1984 vs Fahrenheit 451: Compare & Contrast
- Date:Sep 16, 2020
Both “1984” and “Fahrenheit 451” are dystopian and futuristic, with the former being published in 1949 in England, and the latter in 1953 in the USA.
In Fahrenheit 451, Ray Bradbury writes about a future where books are burned and no one is allowed to own them as it is thought that they cause disruption. This book is filled with metaphorical language, with Bradbury using a lot of similes throughout the book. There are a lot of allegorical references in the book; symbolism being a central theme to the writing. In 1984, Orwell portrays a totalitarian world with heavy government surveillance on all individuals (“Big brother is watching you”) and no room for dissent. He uses paradoxes a lot in his book.
In 1984 the lexis used is quite simple. Orwell uses language that is easily understandable and informal. The language used in Fahrenheit 451 is also simple and informal, although it may seem hard to a young reader of today; however, the book is intended to be easily readable for all ages.
The central character of 1984 is Winston Smith, who works at the “Ministry of Truth” and is constantly revising official historical records to correspond to the Party’s version of how the past was. The central character in Fahrenheit 451 is Guy Montag who is a fireman and who has only just come to realize how unfulfilled his life seems. What is interesting is that Smith is unhappy with his life from the beginning, and has dissenting views with regards to “The Party”, and is later tortured in the “Ministry of Love” to change his ideas and become completely loyal to The Party and its ideals, whereas Montag is happy with his life in the beginning and it is only when he is challenged and made to think, that he realizes how futile his life is. Montag does not end up conforming to the State ideals, but in fact, he becomes one of the “intellectual individuals” who are, in fact, not tolerated by the state.
In 1984, Smith falls in love with Julia and has a sexual relationship with her. Julia is also unhappy with the system and wants it to change. On the other hand, in Fahrenheit 451, Mildred, Montag’s wife, is brainwashed to the extent that she does not want to talk about anything other than what’s on television, and is depressed without even acknowledging it. What is somewhat similar in both these characters is that in the end, they kowtow to the State ideals, with Julia renouncing Smith and Mildred leaving her “book reading” husband.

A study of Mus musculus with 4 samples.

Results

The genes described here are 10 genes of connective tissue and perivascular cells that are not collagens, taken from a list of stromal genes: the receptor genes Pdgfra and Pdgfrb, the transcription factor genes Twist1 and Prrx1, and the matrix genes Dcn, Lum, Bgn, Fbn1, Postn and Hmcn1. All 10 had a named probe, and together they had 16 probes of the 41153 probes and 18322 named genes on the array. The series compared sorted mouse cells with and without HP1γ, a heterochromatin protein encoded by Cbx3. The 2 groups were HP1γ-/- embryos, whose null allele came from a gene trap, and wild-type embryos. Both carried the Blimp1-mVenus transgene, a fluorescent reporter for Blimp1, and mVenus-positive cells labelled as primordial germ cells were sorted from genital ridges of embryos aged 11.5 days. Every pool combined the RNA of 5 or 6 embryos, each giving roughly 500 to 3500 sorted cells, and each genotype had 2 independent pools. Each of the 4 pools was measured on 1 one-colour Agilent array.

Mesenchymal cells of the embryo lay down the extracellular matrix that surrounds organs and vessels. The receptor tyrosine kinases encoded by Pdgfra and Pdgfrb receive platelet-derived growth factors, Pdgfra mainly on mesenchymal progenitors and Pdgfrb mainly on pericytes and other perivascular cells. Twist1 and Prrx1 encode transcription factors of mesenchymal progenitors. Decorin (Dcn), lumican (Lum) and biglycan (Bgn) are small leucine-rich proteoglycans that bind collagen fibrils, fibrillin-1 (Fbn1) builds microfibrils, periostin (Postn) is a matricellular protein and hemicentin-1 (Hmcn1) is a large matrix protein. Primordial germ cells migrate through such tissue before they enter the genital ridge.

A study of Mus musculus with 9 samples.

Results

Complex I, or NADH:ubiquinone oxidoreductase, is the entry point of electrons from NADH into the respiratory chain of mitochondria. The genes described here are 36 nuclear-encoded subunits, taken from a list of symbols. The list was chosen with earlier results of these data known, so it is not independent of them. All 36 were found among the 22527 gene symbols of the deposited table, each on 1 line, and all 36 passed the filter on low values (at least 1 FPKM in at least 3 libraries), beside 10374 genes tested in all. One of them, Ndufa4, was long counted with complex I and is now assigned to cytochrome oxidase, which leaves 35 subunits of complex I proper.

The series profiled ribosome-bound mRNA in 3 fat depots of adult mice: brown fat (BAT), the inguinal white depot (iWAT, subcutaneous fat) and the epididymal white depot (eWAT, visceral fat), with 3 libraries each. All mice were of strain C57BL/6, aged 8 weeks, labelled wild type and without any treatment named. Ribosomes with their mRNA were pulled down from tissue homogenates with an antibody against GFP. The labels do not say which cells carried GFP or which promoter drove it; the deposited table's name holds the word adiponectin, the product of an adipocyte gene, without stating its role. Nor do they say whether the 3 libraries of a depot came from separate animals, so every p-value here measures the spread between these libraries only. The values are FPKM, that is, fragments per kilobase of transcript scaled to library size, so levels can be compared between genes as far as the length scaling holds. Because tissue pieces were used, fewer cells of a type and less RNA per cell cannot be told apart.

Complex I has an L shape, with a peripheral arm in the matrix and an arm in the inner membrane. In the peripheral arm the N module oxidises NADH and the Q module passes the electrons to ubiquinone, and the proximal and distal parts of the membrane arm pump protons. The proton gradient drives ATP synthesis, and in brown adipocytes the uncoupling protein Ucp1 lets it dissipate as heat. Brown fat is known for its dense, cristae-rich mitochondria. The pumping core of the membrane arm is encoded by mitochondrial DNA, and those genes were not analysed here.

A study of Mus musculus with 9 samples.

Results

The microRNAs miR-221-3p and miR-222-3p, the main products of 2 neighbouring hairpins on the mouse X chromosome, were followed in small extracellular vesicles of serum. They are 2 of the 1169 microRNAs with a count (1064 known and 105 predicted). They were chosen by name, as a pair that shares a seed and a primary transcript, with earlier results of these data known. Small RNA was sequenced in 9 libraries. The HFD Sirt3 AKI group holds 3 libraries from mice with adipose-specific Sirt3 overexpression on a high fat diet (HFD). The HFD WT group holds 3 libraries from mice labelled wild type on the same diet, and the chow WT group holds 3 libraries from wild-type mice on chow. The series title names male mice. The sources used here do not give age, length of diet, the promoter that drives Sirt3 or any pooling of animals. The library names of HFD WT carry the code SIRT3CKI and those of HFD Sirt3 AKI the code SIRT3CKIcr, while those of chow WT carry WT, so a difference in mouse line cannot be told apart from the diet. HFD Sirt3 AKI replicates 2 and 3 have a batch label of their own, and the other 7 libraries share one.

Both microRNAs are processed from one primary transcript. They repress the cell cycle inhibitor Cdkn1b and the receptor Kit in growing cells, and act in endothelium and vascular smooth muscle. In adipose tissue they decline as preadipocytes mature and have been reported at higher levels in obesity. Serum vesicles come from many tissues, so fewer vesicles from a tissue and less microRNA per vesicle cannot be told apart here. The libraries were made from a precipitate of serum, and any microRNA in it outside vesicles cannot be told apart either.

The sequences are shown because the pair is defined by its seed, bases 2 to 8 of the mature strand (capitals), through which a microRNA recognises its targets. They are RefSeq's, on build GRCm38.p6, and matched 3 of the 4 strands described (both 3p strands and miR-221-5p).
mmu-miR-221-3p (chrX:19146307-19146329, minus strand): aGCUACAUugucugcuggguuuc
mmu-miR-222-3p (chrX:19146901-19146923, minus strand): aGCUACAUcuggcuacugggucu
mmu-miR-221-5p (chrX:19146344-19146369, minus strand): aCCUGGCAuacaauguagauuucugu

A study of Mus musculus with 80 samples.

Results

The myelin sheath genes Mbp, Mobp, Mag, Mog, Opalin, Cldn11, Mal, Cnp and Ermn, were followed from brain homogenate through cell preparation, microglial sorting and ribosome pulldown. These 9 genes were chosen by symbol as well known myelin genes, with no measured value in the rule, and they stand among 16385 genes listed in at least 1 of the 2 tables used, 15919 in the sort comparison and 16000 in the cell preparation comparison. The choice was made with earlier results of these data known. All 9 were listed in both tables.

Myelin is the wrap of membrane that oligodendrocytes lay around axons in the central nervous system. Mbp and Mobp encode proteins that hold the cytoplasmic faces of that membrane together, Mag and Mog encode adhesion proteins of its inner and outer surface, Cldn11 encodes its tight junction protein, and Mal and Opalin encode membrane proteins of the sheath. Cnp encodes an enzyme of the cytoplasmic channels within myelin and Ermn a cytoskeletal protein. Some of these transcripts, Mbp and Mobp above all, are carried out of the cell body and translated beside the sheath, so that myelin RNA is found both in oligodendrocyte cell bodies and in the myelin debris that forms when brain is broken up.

O’Brien in 1984 can be equated with Captain Beatty in Fahrenheit 451. Both of them worked for the State, with their task being the removal of any or all rebellion, the role of the former being “reeducating” the dissenters, and the latter’s being burning of any books found in any house. Both agreed to the ideals of the State and discouraged any dissent. What might be slightly different is that Captain Beatty, as Montag later finds out while thinking, wanted to die (or be killed), as he was unhappy with his role, whereas O’Brien completely embraced the ideals.
The old man in 1984, who rents the room to Smith and Julia, in the end, turns out to be a State official. That is one of the reasons why if one has read 1984 before Fahrenheit 451 while reading the latter, one expects Professor Faber to also turn out to be the same, however, that is not the case. Professor Faber is a self-professed coward, who does not like the way things are run but does not have enough gumption to change the system.
The main themes of the books are quite similar; they tell of futuristic times where there is no individuality left and where the State dictates what you have to do. The only difference in the way things are done is that in 1984 the masses live in poverty and misery, whereas in Fahrenheit 451, the citizens live relatively well and are well provided for.
In 1949, when 1984 was written, the Cold War had just begun, and so Orwell used this platform to explain how and why this caused the change. He has borrowed a lot from real life, with the Thought Police being very similar to the Gestapo and NKVD, and the State very similar to the Communist regime of Russia. The “unperson” concept, also, was very similar to the enemies of Stalin being declared “nonpersons”. Orwell used all these similarities to denounce communism (one of the reasons why the book was banned in the USSR). He gave this point to explain what would happen if the world were to be converted to the USSR style communism and how repressing it would be to live in such times.
Fahrenheit 451 was written in 1953, the Cold War was still going on, however, Bradbury does not talk about it at all. Even though the main idea of the book (book burning) was borrowed from the 1930s Nazi regime’s book burnings, the McCarthy hearings had a lot to do with the idea too. It is because of this “artistic repression” that the McCarthy trial caused that Bradbury wrote this book. The book-burning was in a way state censorship, something that the US government was enforcing during those times. Moreover, Bradbury went on to expound how television can be used as an opiate of the masses by the state if so controlled; something that, even now, some groups proclaim.
Bradbury, Ray. Fahrenheit 541. Ballantine Books, 1953.
Orwell, George. 1984. London: Secker and Warburg, 1949.